By John Atlas on September 30, 2007
The mainstream media missed an important moment in last week's Democratic Presidential debate. It happened when the moderator asked John Edwards about his criticism of Hillary Clinton.
Edwards charged Clinton with messing up health-care reform in the '90s and her mistake had left tens of millions of Americans uninsured. He criticized Clinton for relying on a "bunch of Washington insiders who sit around tables together" to plot the fate of the health care system.
A week before Edwards said, "The lesson Senator Clinton seems to have learned from her experience with health care is, 'If you can't beat 'em, join 'em.' I learned a very different lesson from decades of fighting powerful interests -- you can never join 'em, you just have to beat 'em."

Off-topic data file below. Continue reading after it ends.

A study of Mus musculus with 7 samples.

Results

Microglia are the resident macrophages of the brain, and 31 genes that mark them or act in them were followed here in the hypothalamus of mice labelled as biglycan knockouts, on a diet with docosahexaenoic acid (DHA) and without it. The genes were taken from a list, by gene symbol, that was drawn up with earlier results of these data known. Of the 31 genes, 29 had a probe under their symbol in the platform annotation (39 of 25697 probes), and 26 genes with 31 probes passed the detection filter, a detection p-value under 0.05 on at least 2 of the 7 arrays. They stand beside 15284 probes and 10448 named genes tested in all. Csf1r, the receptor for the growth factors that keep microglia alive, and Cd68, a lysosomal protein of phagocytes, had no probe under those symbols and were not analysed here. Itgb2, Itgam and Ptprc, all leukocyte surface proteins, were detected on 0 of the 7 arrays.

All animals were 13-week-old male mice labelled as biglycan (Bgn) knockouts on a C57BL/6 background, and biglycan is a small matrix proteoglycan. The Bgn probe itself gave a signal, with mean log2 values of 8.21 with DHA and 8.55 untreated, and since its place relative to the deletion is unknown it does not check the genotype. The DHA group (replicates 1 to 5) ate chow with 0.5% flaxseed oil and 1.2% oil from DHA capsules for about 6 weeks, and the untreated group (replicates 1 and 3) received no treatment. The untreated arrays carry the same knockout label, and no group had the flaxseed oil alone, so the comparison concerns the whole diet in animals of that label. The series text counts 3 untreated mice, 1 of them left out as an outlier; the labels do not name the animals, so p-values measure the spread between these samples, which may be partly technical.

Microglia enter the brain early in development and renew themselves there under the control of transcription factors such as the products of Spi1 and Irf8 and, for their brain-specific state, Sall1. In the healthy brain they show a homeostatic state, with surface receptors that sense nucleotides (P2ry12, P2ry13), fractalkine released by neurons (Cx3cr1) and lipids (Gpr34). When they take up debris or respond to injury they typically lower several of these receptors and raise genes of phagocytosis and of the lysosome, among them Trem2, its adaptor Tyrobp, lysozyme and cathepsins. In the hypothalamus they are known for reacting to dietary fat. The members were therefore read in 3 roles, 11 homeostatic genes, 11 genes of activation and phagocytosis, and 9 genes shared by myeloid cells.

Edwards, unlike Clinton, promised to push for a universal health care plan through Congress by mobilizing public opinion and building a movement through grassroots organizing.
Edwards said the other candidates, including Clinton, believe that the way to get a health care bill is to broker a deal between "Washington insiders" -- insurance companies, drug companies and other lobby groups. "Its like the rest of America doesn't exist," Edwards noted.
He referred to himself as a "President who is willing to go to America and make the case for universal health care."
Edwards pledged to be a leader, not just a deal-maker. Twice during Wednesday's debate, he mentioned his hard work over the past few years helping community organizing groups like ACORN, and activist unions like SEIU, who will provide the troops trying to change the balance of power in this country to counter the powerful insurance lobby.